Atrium Health, Wake Forest Baptist Health and Wake Forest University announced plans to merge on Wednesday in an effort to “create a next-generation academic healthcare system” that would include long-term care facilities and research in Alzheimer’s disease and other age-related areas.
“By signing a memorandum of understanding, the organizations have agreed to start a period of exclusive negotiations, with the goal of entering into a final agreement later this year,” the entities said in a press release. Atrium Health formerly was known as the Carolinas HealthCare System.
It’s too soon to know exactly how the nursing homes, home healthcare and hospice and palliative care offerings in Atrium Health’s care continuum will be affected by the plans, a spokeswoman for Atrium Health told McKnight’s Senior Living.
“The signing of the memorandum of understanding signals the very beginning of in-depth discussions regarding the specific details of what our coming together could ultimately become,” she said. “We look forward to the discussions and to ultimately reaching an agreement that benefits North Carolina and all of the communities our organizations are privileged to serve.”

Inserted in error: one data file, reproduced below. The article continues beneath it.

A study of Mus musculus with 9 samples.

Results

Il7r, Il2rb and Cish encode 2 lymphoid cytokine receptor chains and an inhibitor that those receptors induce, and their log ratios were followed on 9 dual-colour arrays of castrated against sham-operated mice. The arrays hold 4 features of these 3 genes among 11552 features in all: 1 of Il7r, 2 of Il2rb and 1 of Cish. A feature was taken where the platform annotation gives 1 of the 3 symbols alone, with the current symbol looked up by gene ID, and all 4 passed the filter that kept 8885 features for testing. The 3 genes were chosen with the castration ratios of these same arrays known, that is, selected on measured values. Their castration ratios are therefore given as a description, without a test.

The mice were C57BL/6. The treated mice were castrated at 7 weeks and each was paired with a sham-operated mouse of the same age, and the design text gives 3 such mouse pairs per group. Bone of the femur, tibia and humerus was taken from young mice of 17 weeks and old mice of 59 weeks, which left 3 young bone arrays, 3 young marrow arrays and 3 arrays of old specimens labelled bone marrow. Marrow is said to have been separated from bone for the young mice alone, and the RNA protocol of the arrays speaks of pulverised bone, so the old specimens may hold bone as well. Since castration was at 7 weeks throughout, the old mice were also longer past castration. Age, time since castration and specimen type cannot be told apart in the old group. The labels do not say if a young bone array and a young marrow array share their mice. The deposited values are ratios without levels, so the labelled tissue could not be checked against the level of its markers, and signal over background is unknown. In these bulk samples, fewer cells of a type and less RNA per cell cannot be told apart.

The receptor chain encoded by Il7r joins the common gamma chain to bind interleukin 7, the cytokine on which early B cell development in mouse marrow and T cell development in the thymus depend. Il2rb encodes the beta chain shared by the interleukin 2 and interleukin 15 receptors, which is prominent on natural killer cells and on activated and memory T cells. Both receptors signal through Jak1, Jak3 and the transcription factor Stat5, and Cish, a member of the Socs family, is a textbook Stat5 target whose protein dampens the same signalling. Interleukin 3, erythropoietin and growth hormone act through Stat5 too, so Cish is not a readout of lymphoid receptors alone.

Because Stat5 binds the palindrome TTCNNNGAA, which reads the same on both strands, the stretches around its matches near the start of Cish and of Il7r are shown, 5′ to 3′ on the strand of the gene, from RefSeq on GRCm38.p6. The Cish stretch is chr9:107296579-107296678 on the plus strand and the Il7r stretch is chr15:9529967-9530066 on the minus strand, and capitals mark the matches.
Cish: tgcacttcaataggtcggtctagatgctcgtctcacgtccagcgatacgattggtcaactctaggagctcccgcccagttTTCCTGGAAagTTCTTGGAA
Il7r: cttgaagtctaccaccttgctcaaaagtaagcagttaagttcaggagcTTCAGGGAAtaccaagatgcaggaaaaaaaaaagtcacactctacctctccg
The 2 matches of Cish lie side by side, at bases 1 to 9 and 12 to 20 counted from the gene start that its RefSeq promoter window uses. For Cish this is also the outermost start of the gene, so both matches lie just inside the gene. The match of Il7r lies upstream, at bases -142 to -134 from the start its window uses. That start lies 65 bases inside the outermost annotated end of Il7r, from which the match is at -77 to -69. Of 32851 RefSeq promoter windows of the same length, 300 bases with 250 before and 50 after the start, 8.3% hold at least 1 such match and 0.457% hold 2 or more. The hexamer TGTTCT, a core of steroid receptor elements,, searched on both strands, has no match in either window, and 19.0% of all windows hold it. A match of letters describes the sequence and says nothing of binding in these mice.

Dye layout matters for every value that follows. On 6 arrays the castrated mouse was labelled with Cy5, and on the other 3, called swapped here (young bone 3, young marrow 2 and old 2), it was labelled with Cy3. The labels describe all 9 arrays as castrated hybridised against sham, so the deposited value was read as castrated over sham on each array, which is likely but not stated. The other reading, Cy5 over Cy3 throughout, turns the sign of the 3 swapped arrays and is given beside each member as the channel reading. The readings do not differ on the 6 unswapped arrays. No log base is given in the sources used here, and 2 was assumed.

The Atrium system’s network includes more than 40 hospitals and 900 care locations, many of them providing care for older adults. Wake Forest School of Medicine and Wake Forest Baptist Health “are national leaders in studying how to help people age better, and with a much higher quality of life,” Atrium Health President and CEO Eugene “Gene” Woods, MBA, MHA, FACHE, said in a statement.
“Last year at Atrium Health, we cared for more than 350,000 patients over the age of 65, and by 2035, one in five U.S. residents will be over that age,” he said. “Just imagine the powerful possibilities to advance modern medicine by linking breakthrough science directly with our patients in a way that significantly enhances their cognitive and physical functioning — and allows them to live independently for longer. This is just one of the unlimited opportunities we see ahead.”
Wake Forest Baptist Health has skilled nursing partners and offers Care at Home, a joint program with Gentiva Health Services. The health system’s programs in gerontology and geriatric medicine include the J. Paul Sticht Center on Aging and Rehabilitation and its J. Paul Sticht Center on Healthy Aging and Alzheimer’s Prevention, which combines the Claude D. Pepper Older Americans Independence Center and the Kulynych Center for Memory and Cognition Research.
Additionally, the Wake Forest Baptist Alzheimer’s Disease Core Center is among 31 National Institutes of Health-funded research centers in the country.